The Tiwai Point aluminium smelter (NZAS) and Meridian Energy have been given a green light on a deal to allow for greater demand flexibility from the smelter during peak periods.
Under the deal, approved by the Electricity Authority, Meridian could require the smelter to cut demand by up to 50 megawatts when the electricity system was under stress, such as winter peak periods or during power generation or transmission issues.
NZAS chief executive Chris Blenkiron said the approval formalised an agreement struck earlier this year.
"So the way that we do it is we effectively dial back our production, and that releases the energy into the market," he said, adding there was a compensation component in the agreement, which was confidential between the parties.
Meridian Energy chief executive Neal Barclay said NZAS had been flexible and constructive in its negotiation, while the authority had been quick to give its formal approval ahead of peak winter demand.
"If we do ask them to reduce production, we pay them an amount of money for every megawatt they don't use and that we think is a very efficient outcome not only for NZAS, Meridian but also the system overall.
"Simply put, this agreement means Aotearoa will likely need to burn less coal when a dry spell causes the hydro lakes to drop to low levels."
Barclay said the additional peak energy available was roughly equivalent to the power consumed by 50,000 average homes.
"When NZAS reduces consumption of electricity, that power can effectively be made available to other users.
"The net result is likely to be a reduction in carbon emissions from burning less coal and, just as importantly, a reduction in the overall cost of the electricity system, which ultimately reduces costs to customers."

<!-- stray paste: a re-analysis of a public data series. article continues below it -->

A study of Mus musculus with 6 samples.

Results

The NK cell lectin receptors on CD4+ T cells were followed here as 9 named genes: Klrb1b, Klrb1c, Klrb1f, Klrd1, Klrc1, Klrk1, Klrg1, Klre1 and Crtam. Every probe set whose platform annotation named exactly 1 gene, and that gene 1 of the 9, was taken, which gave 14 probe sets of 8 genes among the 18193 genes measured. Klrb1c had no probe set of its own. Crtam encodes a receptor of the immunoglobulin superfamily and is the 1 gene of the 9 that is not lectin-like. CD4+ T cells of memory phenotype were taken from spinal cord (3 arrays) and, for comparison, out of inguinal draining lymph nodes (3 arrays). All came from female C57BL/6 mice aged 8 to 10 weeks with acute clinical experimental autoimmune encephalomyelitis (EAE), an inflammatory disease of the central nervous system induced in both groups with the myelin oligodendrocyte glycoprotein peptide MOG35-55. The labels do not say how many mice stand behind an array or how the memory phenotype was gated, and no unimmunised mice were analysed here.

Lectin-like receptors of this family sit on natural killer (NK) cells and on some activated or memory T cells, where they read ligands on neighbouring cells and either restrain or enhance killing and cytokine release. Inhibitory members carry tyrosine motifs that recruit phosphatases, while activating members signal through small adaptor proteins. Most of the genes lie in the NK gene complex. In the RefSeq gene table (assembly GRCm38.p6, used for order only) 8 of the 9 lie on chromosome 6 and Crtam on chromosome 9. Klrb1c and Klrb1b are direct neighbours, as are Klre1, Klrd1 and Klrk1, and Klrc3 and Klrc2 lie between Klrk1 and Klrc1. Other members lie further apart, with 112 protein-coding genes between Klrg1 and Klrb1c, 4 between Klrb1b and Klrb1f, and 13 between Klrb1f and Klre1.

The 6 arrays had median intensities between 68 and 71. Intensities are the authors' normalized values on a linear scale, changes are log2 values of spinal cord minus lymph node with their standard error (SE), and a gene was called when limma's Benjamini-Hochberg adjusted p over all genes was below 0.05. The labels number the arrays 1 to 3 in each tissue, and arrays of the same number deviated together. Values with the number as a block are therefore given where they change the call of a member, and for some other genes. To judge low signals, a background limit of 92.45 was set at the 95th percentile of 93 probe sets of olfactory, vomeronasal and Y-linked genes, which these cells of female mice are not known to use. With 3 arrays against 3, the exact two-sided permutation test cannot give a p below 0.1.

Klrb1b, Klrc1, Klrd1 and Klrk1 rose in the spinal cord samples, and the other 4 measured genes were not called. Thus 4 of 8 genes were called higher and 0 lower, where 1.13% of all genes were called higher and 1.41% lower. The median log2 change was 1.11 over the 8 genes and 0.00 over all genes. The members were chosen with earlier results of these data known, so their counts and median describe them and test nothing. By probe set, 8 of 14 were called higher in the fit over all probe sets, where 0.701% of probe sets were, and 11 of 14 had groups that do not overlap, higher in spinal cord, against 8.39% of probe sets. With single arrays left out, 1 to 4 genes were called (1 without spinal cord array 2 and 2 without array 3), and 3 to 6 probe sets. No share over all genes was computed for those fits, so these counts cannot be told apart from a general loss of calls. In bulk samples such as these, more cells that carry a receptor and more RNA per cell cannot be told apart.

The deal - first announced in April - will cover the remaining term of the supply contract between Meridian and the smelter, which runs until December next year.
"As New Zealand works towards a more renewable electricity system, we need to think creatively about how we can manage winter demand and dry period energy needs," Barclay said.
"Customers who can be flexible in how they use power and the development of alternate green fuels such as hydrogen and biomass, when combined with smart technology, will enable New Zealand to transition to net zero emissions far more quickly and more cost effectively than most other nations.
"It's good that we are getting on with it."
The Electricity Authority also agreed the smelter could on-sell any unused electricity to a third party.
"The authority determined the arrangements for which clearance was sought satisfy the on-selling test," authority chief executive Sarah Gilles said.
"For so long as the demand response agreement, and the amendments made in the two amending letters, remain in force and effect NZAS is not prevented from on-selling unused electricity. The decision to provide clearance reflects this."
Blenkiron said the negotiations on the peak demand response were separate from discussions around the contract renewal from 2024, when the current supply contract expired.
"They are complex discussions and they are taking some time, but we're working constructively with Meridian and a bunch of other generators through these discussions," he said.
Barclay said, "We're still talking and that is the main thing."